A former senior manager of Charing Cross Hospital has fervently denied allegations that she used NHS funds to import horse sperm for her stud farm.
Louise Tomkins, who left her job in June, was recently arrested by the Metropolitan police who were investigating allegations of fraud at Imperial College Healthcare NHS Trust, which runs the hospital in Fulham Palace Road.
Mrs Tomkins, who is the daughter of a former British ambassador to France said the claims were "rubbish".
She said: "There is an ongoing investigation into some invoices that I issued, but it's got nothing at all to do with horse semen and IVF treatment. That's all rubbish."
Mrs Tomkins said she was co-operating with the police investigations, but denied all the accusations.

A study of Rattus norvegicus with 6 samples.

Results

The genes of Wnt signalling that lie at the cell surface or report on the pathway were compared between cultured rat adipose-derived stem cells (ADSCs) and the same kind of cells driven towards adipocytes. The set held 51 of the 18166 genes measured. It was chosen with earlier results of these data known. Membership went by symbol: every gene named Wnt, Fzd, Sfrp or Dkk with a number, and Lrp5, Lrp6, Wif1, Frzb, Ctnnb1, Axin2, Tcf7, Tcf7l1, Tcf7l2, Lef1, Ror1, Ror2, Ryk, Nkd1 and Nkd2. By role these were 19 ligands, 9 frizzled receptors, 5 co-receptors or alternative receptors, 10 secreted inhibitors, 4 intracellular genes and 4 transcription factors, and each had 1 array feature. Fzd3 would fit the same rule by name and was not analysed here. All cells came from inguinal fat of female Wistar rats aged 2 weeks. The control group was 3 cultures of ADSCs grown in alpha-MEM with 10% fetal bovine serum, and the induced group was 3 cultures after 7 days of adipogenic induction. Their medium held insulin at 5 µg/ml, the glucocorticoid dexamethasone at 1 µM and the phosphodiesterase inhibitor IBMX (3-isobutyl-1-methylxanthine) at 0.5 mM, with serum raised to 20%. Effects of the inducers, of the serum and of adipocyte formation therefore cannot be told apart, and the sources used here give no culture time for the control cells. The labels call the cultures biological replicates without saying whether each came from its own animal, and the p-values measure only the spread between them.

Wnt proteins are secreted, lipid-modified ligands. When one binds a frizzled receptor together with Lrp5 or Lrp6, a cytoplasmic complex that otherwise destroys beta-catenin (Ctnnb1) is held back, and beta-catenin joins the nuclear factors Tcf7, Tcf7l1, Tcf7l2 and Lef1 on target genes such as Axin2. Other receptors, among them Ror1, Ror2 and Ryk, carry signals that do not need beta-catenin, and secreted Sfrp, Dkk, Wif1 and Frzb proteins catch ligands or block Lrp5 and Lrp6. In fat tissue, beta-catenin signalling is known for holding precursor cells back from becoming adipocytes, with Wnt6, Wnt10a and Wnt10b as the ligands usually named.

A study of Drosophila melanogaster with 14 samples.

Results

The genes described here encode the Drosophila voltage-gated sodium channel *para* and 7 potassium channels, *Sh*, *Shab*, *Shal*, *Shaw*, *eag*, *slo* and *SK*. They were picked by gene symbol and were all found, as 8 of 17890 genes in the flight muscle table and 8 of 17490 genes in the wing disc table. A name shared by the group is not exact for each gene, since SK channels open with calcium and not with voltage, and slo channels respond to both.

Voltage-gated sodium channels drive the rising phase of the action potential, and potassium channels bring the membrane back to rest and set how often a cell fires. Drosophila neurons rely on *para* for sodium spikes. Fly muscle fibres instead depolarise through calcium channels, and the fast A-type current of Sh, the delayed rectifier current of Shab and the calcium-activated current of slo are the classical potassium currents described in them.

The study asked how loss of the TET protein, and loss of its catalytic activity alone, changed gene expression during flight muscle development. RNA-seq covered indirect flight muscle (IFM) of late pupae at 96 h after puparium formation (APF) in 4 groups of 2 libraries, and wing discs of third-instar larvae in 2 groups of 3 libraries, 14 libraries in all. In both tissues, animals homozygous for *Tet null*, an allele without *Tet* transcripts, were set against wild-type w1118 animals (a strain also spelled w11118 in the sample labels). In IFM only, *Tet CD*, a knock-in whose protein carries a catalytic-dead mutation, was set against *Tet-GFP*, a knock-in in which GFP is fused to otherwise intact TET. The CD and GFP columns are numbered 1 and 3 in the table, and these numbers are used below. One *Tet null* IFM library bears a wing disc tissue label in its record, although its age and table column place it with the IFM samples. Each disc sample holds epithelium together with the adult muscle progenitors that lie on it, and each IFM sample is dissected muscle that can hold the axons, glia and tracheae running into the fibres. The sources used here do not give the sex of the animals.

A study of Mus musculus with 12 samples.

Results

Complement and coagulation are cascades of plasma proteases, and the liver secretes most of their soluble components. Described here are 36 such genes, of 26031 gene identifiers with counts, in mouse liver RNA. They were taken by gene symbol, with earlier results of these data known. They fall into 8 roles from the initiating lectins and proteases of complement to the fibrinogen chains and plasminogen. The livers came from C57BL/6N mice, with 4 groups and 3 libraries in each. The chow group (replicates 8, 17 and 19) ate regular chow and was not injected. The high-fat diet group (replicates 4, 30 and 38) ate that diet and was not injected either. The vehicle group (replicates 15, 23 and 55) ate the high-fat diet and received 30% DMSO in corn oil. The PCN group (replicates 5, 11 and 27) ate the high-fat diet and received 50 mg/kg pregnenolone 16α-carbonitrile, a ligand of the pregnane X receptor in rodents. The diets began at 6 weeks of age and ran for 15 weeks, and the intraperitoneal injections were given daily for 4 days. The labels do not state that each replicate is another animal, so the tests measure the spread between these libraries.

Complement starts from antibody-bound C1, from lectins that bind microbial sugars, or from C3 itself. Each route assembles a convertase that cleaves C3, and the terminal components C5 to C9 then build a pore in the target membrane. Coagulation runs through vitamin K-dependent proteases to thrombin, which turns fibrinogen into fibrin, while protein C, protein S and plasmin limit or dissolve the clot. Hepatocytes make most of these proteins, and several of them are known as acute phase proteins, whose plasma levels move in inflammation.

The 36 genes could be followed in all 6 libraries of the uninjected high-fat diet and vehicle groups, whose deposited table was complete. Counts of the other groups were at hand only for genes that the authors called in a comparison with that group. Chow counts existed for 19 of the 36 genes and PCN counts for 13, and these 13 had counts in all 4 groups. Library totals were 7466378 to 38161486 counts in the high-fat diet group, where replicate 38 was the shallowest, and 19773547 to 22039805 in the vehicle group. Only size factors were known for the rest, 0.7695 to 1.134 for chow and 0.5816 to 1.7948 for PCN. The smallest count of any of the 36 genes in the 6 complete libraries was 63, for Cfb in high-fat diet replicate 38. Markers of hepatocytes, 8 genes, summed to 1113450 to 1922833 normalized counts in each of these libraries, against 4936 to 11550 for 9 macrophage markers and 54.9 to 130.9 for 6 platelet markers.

Internal audits revealed unusually large purchases of human semen from overseas suppliers.
Invoices worth several hundred thousand pounds had allegedly been created to account for the transactions, but later checks revealed the companies had supplied thoroughbred horse sperm.
Mrs Tomkins, who is the daughter of the late Sir Edward Tomkins, a former British ambassador to Paris and The Hague, said she left her post as a senior general manager at the hospital in June after an employment restructure.
She now runs Southfield Stud in Horsham, West Sussex full time.
Its website describes it as "a small breeding operation which aims to breed good competition horses by using top-class proven mares from known pedigrees and crossing them to stallions known to improve performance and temperament".
A spokeswoman for the trust declined to comment on the matter, but police confirmed a 45-year-old woman had been arrested and bailed over allegations of fraud at the trust.
Hammersmith Hospital is a leading provider of IVF treatment, but it stressed it does not use horse semen in treatments.